Eight businesses, seven individuals named as defendants in suit alleging distribution, sales of counterfeit programs.

Symantec has filed a copyright infringement lawsuit that alleges eight businesses and seven individuals reaped an estimated $15 million in profits from pirated copies of its most popular security software.

The lawsuit, filed in a U.S. District Court in Los Angeles, comes after an investigation of more than two years, the company said. The lawsuit names ANYI, SILI, GT Micro, ASP Solutions, Mark Ma, Mike Lee, John Zhang and other affiliates as defendants.

"ANYI, SILI and their affiliates run a global counterfeit distribution operation with a major focus in the United States and Canada," William Plante, Symantec's senior director of corporate security and brand protection, said in a statement. "Their operations posed a tremendous threat to our customers, given the variety of outlets ANYI and SILI have developed to distribute and sell counterfeit Symantec software to unsuspecting consumers."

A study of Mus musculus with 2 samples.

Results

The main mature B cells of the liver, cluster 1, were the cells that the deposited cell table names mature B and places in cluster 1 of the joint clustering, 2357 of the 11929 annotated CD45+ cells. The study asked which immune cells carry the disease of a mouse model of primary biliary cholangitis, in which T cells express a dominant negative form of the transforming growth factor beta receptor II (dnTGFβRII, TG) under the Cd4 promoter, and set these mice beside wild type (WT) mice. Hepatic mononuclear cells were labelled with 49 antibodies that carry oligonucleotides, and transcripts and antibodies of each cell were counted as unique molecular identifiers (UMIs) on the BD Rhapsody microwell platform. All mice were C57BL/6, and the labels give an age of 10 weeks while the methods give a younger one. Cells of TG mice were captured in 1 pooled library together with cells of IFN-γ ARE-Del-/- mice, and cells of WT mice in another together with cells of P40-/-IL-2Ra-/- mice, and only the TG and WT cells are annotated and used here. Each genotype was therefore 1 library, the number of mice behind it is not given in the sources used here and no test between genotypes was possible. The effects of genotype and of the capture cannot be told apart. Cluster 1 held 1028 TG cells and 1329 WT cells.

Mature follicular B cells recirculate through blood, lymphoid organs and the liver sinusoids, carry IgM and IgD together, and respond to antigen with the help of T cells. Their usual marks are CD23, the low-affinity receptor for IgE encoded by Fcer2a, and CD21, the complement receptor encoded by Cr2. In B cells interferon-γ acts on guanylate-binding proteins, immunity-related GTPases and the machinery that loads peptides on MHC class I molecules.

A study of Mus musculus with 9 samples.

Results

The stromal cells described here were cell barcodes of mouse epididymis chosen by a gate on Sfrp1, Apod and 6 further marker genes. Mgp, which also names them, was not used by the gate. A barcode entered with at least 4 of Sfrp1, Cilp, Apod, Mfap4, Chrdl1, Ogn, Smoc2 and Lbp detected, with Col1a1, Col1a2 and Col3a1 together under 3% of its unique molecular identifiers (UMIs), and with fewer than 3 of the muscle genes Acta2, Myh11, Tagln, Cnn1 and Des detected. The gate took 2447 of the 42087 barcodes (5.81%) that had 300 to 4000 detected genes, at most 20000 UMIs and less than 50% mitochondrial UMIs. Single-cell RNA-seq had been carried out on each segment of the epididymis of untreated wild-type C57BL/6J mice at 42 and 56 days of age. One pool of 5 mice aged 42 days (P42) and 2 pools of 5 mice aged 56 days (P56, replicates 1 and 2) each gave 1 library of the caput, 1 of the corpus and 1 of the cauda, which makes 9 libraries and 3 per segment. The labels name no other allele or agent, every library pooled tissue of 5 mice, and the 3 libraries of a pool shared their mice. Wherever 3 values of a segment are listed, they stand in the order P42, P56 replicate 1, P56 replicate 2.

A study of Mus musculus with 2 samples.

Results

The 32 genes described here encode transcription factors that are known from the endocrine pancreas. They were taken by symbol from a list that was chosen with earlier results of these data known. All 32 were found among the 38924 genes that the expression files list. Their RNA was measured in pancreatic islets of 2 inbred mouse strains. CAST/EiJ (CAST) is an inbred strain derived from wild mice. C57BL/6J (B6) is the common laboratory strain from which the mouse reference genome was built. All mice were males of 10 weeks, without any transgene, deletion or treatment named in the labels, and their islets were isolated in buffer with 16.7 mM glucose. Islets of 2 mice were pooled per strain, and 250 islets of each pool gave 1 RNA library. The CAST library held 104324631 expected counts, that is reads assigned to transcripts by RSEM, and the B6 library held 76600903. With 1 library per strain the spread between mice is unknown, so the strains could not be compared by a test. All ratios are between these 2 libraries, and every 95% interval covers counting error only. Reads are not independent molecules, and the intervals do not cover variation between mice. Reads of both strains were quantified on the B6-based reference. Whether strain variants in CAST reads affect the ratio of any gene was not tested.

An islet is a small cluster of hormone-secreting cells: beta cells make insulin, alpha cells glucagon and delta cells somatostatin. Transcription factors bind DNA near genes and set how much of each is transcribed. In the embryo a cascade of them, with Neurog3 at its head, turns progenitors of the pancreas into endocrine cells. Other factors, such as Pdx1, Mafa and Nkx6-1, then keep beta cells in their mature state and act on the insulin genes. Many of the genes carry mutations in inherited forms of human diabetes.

Symantec alleges the parties engaged in trademark infringement, copyright infringement, fraud, unfair competition and false advertising.

John Zhang said he and his company, Canada-based GT Micro, have not received a copy of the lawsuit and cannot comment. The other defendants have not yet been reached for comment.

As part of the investigation, which Symantec initiated, law enforcement officers seized more than 100,000 copies of counterfeit disks. The company says pirated copies included some of its more popular programs, such as Norton AntiVirus, Norton SystemWorks, Norton Internet Security, as well as PCAnywhere and Backup Exec.

Symantec is seeking $15 million in damages and a permanent injunction against ANYI and SILI from conducting business.

The Cupertino, Calif.-based security software vendor has had some success in its lawsuits against alleged software pirates. Last year, Symantec won a $3.1 million default judgment against an accused software pirate. And in 2003, it won a $3 million judgment against Maryland Internet Marketing, after the court found the East Coast company sold counterfeit copies of the security software.